By Lisa Dare
From virtual stick-ups to an FBI-Apple showdown, it has been a riveting week for tech news.
Healthcare IT for ransom
It was widely reported that a Hollywood hospital was being held for $3.4 million in a ransomware attack. The truth wasn’t so exciting. Yes, the hospital’s data was being held hostage—or encrypted without their permission—but for the most part, the facility had been functioning as usual during the attack.
Or at least "as usual" by 1990s standards. The hospital’s fax machines took the place of emails, and doctors had to use paper charts, slowing care to a halt and causing some patients to be diverted elsewhere. The hospital paid the 40 Bitcoins, or approximately $17,000—far less than the huge heist people were reporting.
But the story highlights an important point: healthcare IT systems have a target on their back. Healthcare records contain especially valuable data, like Social Security numbers and birthdates, that criminals can use forever to perpetrate identity theft, unlike a credit card number we can just change. And the complexity and number of operating systems, IoT devices and employee types (from volunteers to doctors to accountants) makes healthcare IT's defenses especially porous.
A couple of scary statistics from our healthcare InfoSec SlideShare coming next week:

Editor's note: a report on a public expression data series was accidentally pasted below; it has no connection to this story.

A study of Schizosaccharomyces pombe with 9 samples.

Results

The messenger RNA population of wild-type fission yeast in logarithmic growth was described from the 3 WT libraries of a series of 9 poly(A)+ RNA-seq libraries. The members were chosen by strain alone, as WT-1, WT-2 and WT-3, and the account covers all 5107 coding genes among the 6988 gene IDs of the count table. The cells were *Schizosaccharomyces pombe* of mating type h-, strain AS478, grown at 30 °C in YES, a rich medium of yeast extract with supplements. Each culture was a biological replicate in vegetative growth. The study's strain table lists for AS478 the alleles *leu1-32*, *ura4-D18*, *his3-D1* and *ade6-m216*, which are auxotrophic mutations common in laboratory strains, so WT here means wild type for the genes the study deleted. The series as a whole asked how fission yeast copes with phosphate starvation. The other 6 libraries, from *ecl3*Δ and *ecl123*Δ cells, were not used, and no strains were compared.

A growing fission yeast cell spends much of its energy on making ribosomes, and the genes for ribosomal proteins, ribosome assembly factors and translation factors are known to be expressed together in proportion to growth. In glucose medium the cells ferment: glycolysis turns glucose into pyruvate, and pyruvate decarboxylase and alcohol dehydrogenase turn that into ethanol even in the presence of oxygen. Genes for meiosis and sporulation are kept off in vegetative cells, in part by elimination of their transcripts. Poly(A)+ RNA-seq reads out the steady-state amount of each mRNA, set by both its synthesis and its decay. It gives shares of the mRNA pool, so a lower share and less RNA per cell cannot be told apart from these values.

Takeaway: Hospitals and other care providers will need to become incredibly sophisticated in building InfoSec into their systems and culture.
Apple makes a stand for data privacy
The IT world took notice this week when a judge ordered Apple to write code to undermine one of its own security features. The ostensible reason is for the FBI to extract information from the phones of the San Bernardino shooters, but Bloomberg reports the request is consistent with the government's secret strategy to find a way to force Apple to weaken its user security safeguards. The Guardian has a great story on just how far the implications of the request go. IT pros—who generally possess a strong libertarian streak when it comes to data privacy—have been sounding out about this issue. Join the conversation on our LinkedIn page.
Airbnb scores a point for women in tech
The defense of Silicon Valley’s—and tech’s—diversity problem usually come down to the so-called pipeline problem. Defenders absolve the tech industry from any blame by saying the disparity stems from the lack of qualified women, African Americans and Latinos applying for technology jobs.
Airbnb’s data science team discovered the talent pipeline wasn’t their main problem. Using information generated by its EEOC tracking (the little check boxes in any application that ask what gender and race you are), the company discovered they were actually getting lots of female data science applicants, but hiring few of them.
The benefits to Airbnb? That team has the strongest employee satisfaction scores of any department, and female members indicate they’re likely to remain with the company, hopefully helping Airbnb beat another intractable problem: women who enter tech tend to leave.
The encouraging news highlights another issue, however: Racial diversity hasn’t been as easy for tech companies to talk about or improve.
Lisa Dare is a writer for TEKsystems who loves learning about IT from some of the smartest folks in the industry. She frequently blogs about IT careers, talent management and tech culture. Follow her on Twitter to keep up with TEKsavvy blog content.